Posted: Monday, June 7, 2021
Stéphane De Botton, MD, PhD, of Institut Gustave Roussy, Villejuif, France, and colleagues presented their interim analysis results of a phase II trial on the efficacy of the small-molecule inhibitor of mutant IDH1 olutasidenib in patients with IDH1-mutant acute myeloid leukemia (AML) at the 2021 American Society of Clinical Oncology (ASCO) Annual Meeting (Abstract 7006). They reported that olutasidenib was not only well tolerated, but it induced stable complete remission, achieved transfusion independence, and even reached a clinical benefit beyond that of patients in complete remission with partial hematologic recovery.
This study focused on 153 patients with relapsed or refractory IDH1-mutant AML who received 150 mg of olutasidenib twice daily. Complete remission with partial hematologic recovery was defined as an absolute neutrophil count of more than 0.5 × 109/L, a platelet count of more than 50 × 109/L, and less than 5% bone marrow blasts.
The median duration of treatment was 5.5 months, with 28% of patients remaining on olutasidenib monotherapy; others discontinued treatment due to disease progression (31%), adverse events (14%), death (10%), or transplant (8%). The researchers did not reach the median duration of complete remission with partial hematologic recovery; it was 13.8 months in a sensitivity analysis.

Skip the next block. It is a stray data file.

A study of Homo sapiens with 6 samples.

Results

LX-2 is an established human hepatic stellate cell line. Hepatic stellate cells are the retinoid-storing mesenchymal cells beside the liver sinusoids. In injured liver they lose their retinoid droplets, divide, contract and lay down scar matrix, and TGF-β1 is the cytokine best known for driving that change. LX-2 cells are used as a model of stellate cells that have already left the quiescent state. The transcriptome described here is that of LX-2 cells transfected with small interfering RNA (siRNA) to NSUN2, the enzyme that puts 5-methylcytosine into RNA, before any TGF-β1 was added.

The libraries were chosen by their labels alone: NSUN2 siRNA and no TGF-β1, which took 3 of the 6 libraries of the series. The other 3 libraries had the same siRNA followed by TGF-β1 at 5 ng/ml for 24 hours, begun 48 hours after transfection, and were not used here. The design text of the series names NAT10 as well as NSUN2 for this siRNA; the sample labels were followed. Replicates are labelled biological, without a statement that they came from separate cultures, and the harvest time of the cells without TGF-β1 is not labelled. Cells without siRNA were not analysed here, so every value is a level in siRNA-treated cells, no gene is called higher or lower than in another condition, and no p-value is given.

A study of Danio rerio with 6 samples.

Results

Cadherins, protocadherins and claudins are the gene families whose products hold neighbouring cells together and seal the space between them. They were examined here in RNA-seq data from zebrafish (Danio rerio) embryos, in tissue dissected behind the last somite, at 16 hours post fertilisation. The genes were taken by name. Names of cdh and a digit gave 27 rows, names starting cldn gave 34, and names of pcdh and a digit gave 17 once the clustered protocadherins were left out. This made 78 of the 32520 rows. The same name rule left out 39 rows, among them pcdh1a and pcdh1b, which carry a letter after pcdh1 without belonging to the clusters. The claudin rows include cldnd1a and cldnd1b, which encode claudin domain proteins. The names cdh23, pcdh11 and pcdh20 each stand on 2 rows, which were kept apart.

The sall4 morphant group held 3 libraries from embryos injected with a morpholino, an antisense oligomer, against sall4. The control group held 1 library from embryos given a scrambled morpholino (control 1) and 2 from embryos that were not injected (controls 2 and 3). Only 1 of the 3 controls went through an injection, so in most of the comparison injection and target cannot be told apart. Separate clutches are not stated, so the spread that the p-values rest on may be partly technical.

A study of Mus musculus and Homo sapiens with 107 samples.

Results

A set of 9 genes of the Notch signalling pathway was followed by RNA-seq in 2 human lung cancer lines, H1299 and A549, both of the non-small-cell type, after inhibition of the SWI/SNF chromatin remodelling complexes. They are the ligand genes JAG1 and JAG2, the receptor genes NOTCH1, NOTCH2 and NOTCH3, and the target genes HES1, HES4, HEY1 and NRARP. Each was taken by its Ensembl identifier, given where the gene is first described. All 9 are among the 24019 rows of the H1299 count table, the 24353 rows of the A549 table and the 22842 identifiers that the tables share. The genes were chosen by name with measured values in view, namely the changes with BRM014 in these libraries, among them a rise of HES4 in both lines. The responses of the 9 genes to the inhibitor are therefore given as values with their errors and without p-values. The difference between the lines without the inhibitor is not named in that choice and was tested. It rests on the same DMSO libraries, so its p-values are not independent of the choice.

The overall response rate was 46%, with a median duration of 11.7 months. The 56-day platelet and red blood cell transfusion independence were achieved by 100% and 83%, respectively, in patients who reached complete remission with partial hematologic recovery; they were achieved by 56% and 50% in those who did not. The median overall survival was not reached, but the estimated 18-month overall survival was 87%.
Treatment-related adverse events such as nausea, constipation, and leukocytosis affected 38%, 25%, and 25% of participants, respectively. In addition, grade 3 to 4 events such as febrile neutropenia (20%), anemia (19%), thrombocytopenia (16%), and neutropenia (13%) were also observed.
Disclosure: For full disclosures of the study authors, visit coi.asco.org.